Caracterizing the male sexual worker without gay identity and his vulnerability factors related to HIV
Background: Most of the social and epidemiological is oriented toward gay and transgender population. Male sex workers with no gay identity have not been, as of today, a case of study in Paraguay. This research is intended to describe the male sex worker from Asuncion city, by analyzing their interactions with other higher-risk HIV exposure groups (transgender, gay men and women) and identify vulnerability factors related to HIV.
Methods: Descriptive study with quality method research through focus groups and participating observation. The sample was composed by 36 male sex workers through key informers and snow ball.
Results: The MSWs do not assume any kind of identity other than the traditional one, In other words the masculine stereotype, nor they assume that sexual service is a job. They do not think of themselves as different from the general heterosexual groups and therefore they find it relative their high risk to HIV. MSW are themselves an epidemiologic transmission factor. On one hand, most of the time, they have occasional sexual contact and they keep stable couple relationships with women (who are not aware of their male sex worker status) on the other hand, they have commercial sexual contact with women. On another note MSW have a large number of male clients. Some MSW also state to have occasional and stable sexual relationships with transgenders.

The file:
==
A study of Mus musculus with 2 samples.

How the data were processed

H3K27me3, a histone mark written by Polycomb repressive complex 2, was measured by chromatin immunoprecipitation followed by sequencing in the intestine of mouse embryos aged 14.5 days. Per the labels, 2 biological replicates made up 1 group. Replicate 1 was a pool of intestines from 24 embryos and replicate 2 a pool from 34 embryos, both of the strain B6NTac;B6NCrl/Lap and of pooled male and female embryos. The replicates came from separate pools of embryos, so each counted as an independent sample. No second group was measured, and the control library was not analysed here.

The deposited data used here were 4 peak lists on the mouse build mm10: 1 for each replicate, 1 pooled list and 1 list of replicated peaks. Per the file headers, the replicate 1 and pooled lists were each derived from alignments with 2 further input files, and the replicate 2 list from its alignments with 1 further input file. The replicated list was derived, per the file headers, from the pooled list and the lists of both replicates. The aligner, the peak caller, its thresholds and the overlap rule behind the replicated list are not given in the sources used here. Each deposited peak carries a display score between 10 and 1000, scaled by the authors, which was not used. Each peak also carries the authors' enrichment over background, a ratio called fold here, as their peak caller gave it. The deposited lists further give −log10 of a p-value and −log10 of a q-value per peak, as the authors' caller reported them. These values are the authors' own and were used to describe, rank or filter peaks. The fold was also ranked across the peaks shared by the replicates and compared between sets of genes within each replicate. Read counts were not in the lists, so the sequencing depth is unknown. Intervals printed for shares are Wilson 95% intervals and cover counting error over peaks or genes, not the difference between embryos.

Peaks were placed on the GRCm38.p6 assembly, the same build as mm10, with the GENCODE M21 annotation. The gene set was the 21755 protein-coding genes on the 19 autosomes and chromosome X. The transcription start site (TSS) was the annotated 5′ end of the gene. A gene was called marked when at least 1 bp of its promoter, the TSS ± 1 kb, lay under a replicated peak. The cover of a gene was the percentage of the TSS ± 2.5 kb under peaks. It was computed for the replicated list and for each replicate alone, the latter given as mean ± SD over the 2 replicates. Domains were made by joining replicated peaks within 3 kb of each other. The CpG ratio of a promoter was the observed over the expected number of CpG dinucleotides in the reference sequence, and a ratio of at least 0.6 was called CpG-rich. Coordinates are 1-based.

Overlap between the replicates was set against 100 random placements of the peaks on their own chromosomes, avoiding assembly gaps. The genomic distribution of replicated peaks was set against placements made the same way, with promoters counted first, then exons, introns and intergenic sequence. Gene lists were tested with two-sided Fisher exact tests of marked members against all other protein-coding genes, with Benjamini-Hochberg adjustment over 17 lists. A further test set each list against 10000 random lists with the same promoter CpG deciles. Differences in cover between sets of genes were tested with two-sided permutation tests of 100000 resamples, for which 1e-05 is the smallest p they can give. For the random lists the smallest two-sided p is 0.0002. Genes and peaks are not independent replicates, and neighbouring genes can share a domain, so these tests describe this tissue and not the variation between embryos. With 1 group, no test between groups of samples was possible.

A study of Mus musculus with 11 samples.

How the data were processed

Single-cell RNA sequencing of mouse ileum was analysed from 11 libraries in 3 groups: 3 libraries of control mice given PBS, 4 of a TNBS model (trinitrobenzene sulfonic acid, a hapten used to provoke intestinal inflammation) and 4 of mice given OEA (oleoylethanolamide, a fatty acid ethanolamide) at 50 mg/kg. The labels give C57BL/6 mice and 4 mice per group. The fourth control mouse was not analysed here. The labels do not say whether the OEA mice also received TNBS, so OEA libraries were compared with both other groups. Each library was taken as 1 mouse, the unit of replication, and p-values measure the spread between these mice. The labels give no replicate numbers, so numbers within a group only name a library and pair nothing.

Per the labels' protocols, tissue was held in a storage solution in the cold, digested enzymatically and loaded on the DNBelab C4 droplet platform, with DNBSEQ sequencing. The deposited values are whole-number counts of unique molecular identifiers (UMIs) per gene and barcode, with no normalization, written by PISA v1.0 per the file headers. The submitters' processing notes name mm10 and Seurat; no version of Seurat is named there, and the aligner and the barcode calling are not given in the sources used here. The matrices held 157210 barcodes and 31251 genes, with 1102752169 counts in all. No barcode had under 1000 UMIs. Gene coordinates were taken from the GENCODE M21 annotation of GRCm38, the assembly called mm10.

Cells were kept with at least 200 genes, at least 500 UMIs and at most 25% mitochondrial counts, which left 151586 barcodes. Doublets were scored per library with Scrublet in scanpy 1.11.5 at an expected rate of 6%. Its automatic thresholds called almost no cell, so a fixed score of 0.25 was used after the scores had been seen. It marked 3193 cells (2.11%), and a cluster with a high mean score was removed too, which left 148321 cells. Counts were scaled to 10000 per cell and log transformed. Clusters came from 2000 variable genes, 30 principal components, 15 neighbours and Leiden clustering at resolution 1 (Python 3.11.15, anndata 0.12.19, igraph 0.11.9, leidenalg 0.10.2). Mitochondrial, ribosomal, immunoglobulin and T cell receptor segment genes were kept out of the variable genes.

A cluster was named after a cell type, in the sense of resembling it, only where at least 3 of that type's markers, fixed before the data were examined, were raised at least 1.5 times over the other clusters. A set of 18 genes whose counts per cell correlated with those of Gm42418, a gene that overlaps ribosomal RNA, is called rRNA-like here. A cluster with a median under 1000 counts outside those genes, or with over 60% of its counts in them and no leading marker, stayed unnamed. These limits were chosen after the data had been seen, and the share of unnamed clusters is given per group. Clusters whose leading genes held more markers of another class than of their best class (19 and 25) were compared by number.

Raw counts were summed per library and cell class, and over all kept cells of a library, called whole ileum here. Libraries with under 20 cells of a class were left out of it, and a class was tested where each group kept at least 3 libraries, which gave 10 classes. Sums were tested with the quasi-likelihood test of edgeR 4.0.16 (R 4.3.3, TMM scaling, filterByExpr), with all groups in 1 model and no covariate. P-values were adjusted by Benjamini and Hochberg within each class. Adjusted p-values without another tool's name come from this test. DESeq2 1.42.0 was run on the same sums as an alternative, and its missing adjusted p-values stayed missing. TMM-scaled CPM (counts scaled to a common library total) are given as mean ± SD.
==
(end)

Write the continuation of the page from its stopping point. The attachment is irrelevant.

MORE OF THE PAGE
Conclusions: Due to the fact that MSW do not identify themselves to any social group (gay) or epidemiologic (MSM) they remain overlooked before the prevention strategies. This lack of perception of belonging to a specific community makes it difficult to execute actions of empowerment, weakening their representation and advocacy in public policies-making process intended to take in account their needs. Therefore, promoting new research about this group, will result in the generation of more efficient prevention strategies.